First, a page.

Passover, the Jewish festival in celebration of the Jews’ freedom from slavery and flight from Egypt, begins this year on April 20. Although traditions vary throughout the world, the basics are as follows: The holiday lasts a total of seven or eight days (depending on where it’s being celebrated), and the first night of Passover begins with a ceremonial dinner, called a Seder, where the story of the exodus is told.
The food and wine customs of a given Seder are elaborate, and differ between regions and families, but some factors remain constant.
# Each participant in the Seder drinks four cups of wine throughout the evening, at fixed points, for the four promises of redemption associated with the exodus story.
# The major dietary restriction during the week of Passover is the ban of leavened bread, or chometz. Chometz is as bread made from (wheat, oat, spelt, rye, or barley) flour that has been in contact with water for more than 18 minutes and therefore had a chance to rise. Before Passover, the house is traditionally cleansed of chometz.
* Charoset, representing the mortar the Jews used to assemble the pyramids of the pharouhs. Basic charoset is a finely chopped mixture of apples, walnuts and sweet wine.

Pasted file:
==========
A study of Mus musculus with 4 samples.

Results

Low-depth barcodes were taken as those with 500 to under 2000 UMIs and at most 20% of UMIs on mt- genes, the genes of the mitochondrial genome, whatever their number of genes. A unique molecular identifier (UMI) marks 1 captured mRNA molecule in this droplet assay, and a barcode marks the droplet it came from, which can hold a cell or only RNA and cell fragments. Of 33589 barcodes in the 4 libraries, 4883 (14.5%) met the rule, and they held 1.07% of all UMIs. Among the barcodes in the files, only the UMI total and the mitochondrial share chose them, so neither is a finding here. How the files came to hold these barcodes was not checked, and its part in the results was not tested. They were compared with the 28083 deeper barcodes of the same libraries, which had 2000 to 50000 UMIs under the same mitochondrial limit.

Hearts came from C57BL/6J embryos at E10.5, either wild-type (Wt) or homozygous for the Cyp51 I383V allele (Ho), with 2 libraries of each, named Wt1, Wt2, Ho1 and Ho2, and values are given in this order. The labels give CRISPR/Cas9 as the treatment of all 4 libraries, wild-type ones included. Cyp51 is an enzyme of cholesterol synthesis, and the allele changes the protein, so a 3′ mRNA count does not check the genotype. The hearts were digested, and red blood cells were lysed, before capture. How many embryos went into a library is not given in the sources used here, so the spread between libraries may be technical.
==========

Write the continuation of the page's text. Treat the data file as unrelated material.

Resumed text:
* Karpas, a green vegetable (usually parsley) representing spring, dipped in salt water to symbolize the slaves’ tears.
* Beitzah, a roasted egg symbolizing the temple sacrifice and the continuing cycle of life. The egg is served on the plate hard-boiled, but the main Seder egg should be slightly charred at the top (this can be done on a hot stovetop or by placing the egg under the broiler.)
* Zeroah, a lamb’s shankbone symbolizing the ancient Passover sacrifice. You can use the bone of any meat you happen to be serving but typically it is a lamb or veal shank bone. The bone should be roasted until dark brown.
* Mar’or, a bitter herb (like horseradish) to represent the bitterness of slavery.
* Chazeret The sixth place sometimes holds yet another bitter herb (such as lettuce) or will hold the dish containing saltwater.
Also necessary are three matzos (unleavened bread, symbolizing the haste of the flight from Egypt — there was no time for the bread to rise), either wrapped in cloth or covered, and broken and eaten at set points throughout the evening.